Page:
PSV spot, which is the Italian wholesale natural gas contract for day-ahead delivery, extended its rally on Tuesday as grid system operator Snam said the gas balance in Italy was entering a pre-alert status on cold weather.
The Ministry of Economic Development has declared an Early Warning level of the Emergency Plan in the Italian gas market, Snam said in a published statement on its website on Tuesday.
"Snam said the Italian gas situation is under a pre-alarm state, so it is already under observation of emergency as there is an ongoing shortage of gas," an Italy -based trader said.
"It also means Snam is not able to cover demand with conventional supplies," the trader said.
However, tight supplies may ease in the next two days as they are public holidays in Italy.
There are three levels of alert Snam issued in the event of cold snaps. The current "pre-alert" level that traders referred to was announced as an alert in the event of exceptional system conditions.
If the situation were to deteriorate, Snam would announce a "state of alarm," which would mean Snam had to use storage volumes that surpassed the daily maximum storage withdrawal rate.
The last condition would be an "emergency" status that Snam would use storage volumes above daily maximum withdrawal allowance for five consecutive days.
The maximum withdrawal storage rate in Italy over December 1-15 is 76.4 million cu m/d, with 10 million cu m withdrawal capacity sold via day-ahead auction, data from Snam's gas storage division Stogit showed.
This suggested that the maximum withdrawal capacity is around 86 million cu m. As temperatures in northern Italy remained below zero degrees Celsius, storage withdrawals in Italy touched 96 million cu m on Monday as demand surged.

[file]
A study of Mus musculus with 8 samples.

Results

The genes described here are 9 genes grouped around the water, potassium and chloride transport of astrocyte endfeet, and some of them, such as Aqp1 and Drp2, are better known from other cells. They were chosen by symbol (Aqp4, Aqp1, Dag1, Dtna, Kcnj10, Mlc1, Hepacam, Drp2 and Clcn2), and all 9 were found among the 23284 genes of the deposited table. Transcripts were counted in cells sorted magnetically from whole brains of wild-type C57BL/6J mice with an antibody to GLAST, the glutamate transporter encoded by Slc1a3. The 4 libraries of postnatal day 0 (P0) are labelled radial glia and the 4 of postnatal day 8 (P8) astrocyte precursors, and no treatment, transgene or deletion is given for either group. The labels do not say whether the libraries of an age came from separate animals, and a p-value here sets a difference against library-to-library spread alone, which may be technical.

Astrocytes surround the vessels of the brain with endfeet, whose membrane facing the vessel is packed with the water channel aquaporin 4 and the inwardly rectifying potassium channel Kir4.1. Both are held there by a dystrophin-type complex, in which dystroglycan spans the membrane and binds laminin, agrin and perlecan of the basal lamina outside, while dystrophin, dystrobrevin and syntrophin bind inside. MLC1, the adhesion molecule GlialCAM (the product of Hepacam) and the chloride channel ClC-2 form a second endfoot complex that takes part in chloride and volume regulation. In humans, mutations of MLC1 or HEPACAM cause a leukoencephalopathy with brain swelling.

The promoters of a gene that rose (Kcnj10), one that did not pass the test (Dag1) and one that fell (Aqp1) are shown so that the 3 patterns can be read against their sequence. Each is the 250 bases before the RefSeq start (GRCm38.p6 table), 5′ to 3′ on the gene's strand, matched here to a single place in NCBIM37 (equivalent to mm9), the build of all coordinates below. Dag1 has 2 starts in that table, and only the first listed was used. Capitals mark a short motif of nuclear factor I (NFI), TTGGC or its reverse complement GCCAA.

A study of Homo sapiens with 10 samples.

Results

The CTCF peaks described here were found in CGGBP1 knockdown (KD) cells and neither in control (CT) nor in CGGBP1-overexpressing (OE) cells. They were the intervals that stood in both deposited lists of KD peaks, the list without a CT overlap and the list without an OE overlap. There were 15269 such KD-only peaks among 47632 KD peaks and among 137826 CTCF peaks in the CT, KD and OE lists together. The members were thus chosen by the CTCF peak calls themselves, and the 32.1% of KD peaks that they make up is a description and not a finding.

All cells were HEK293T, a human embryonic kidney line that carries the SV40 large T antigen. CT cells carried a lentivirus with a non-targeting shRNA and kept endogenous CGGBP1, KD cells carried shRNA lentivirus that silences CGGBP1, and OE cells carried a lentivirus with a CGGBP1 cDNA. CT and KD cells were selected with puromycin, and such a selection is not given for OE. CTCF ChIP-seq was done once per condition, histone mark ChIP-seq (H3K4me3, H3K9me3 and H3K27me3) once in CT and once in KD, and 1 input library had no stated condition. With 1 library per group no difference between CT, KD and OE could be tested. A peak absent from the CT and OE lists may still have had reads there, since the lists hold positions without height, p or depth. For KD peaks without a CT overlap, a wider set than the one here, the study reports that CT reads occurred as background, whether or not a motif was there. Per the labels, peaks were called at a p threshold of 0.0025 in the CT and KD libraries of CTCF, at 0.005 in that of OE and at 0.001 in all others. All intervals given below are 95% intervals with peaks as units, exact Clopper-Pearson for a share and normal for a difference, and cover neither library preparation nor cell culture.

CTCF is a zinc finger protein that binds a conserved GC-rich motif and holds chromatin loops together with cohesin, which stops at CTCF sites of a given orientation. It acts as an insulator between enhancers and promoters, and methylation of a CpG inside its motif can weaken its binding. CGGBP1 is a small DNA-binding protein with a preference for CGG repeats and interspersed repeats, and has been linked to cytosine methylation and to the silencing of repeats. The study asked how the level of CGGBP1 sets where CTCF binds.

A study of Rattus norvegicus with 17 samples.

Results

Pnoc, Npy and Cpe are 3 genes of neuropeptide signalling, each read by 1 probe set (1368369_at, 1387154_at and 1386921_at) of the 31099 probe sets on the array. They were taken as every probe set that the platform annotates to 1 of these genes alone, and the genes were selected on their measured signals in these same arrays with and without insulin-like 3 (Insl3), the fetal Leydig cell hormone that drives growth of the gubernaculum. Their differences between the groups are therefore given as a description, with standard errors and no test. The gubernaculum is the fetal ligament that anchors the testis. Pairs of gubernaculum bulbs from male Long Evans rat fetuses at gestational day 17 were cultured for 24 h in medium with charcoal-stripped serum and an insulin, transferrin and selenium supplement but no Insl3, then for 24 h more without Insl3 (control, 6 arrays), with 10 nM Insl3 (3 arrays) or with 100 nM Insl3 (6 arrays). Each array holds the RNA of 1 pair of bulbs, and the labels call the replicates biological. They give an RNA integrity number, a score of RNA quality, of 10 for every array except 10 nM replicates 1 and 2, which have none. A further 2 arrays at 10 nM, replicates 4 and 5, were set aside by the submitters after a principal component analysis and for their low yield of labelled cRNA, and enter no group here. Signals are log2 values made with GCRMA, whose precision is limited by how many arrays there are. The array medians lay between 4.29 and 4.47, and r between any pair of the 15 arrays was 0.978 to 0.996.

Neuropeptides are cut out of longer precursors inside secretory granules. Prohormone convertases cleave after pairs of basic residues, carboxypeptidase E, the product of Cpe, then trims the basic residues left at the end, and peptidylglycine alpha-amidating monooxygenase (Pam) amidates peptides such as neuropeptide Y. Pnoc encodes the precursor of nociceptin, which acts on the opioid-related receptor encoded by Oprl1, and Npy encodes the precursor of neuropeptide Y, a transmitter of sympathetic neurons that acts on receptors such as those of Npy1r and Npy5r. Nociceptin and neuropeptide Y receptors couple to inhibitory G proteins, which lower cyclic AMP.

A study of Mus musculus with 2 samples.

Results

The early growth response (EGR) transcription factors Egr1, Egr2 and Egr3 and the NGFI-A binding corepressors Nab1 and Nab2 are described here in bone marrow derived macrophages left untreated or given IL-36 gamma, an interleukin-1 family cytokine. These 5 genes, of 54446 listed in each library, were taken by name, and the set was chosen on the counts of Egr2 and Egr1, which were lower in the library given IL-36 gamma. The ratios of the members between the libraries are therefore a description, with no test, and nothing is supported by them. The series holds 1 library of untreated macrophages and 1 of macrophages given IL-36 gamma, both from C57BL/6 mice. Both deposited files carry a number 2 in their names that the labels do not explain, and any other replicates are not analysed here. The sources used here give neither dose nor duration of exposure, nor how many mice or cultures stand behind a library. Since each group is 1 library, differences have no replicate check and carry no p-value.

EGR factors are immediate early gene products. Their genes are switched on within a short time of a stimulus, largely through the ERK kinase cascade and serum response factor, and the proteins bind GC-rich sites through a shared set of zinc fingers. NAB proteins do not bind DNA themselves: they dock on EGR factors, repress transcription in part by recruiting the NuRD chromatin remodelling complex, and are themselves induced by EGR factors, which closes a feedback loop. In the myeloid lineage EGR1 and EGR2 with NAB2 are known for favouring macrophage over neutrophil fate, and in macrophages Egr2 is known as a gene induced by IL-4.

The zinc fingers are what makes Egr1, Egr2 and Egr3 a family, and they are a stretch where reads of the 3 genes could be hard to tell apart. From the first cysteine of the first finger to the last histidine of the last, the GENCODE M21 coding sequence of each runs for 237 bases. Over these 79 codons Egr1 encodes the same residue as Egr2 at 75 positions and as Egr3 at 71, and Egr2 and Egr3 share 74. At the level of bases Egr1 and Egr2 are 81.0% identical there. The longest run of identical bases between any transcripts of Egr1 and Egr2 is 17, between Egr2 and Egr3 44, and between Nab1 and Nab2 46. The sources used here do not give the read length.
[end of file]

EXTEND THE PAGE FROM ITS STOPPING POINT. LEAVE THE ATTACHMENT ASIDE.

Local distribution zone or residential demand surged to 209 million cu m Monday, the highest since January, after averaging 178 million cu m/d in Week 48, data from Platts Analytics' Eclipse Energy showed. Gas -to-power demand also rose to 94 million cu m.
Despite increased Italian demand, Algerian flows to Italy remained flat at 63 million cu m on Monday.
Algeria has been hit by a cold snap in recent days, with temperatures 3-5 C below seasonal norms in the key demand centers such as Algiers, which has triggered increased domestic demand for gas and power.
Sonatrach could not be reached for comment on whether it had been unable to increase exports because of domestic demand.
The supply crunch comes as Algeria vowed to maintain its export levels through the winter and follows the startup last month of a new associated gas production project at the Hassi Messaoud oil field.
The project means associated gas that before now was mostly converted into LPG can be sent into the main Algerian gas grid.
The project started up at a rate of 10 million cu m/d -- the equivalent of 3.7 Bcm/year -- but can be increased to 20 million cu m/d if needed.
To offset flat Algerian gas flows to Italy, Russian gas flows to Italy via Austria ramped up to 110 million cu m Monday, after averaging 102 million cu m/d in Week 48.
LNG gasification to grid in Italy also ramped up to 12.8 million cu m Monday as the supply tightened.
However, northwestern European gas flows to Italy via Switzerland onlly imported 30 million cu m Monday, despite the gas flows via entry Wallback and Oltingues saw 49 million cu m, which was close to the maximum available capacity, due to high gas consumption in Switzerland.
Italian spot gas price jump not attracting more LNG
The jump in the Italian spot price took it way above the LNG Japan -Korea Marker, suggesting that Italy might attract LNG cargoes from the US, Middle East and Nigeria.
Italian spot gas surged to $11.382/MMBtu on Monday, way above the US, Middle East, and Nigeria LNG break even prices at $8.90/MMBtu, $10/MMBtu, and $8.78/MMBtu, respectively.
However, although Italian spot gas price became attractive, only two tankers with 90 million cu m capacity each tanker arrived at Italian LNG terminal the end of this week, according to Platts Analytics' data.
Both cargoes came from Qatar. There were no more cargoes ordered.
This is because "at this point demand will be for the very prompt, and it's hard to make firm bids and offers, given where Asia is priced right now.
"While prices in Europe are bullish, some markets are more accessible than others," an LNG trader said.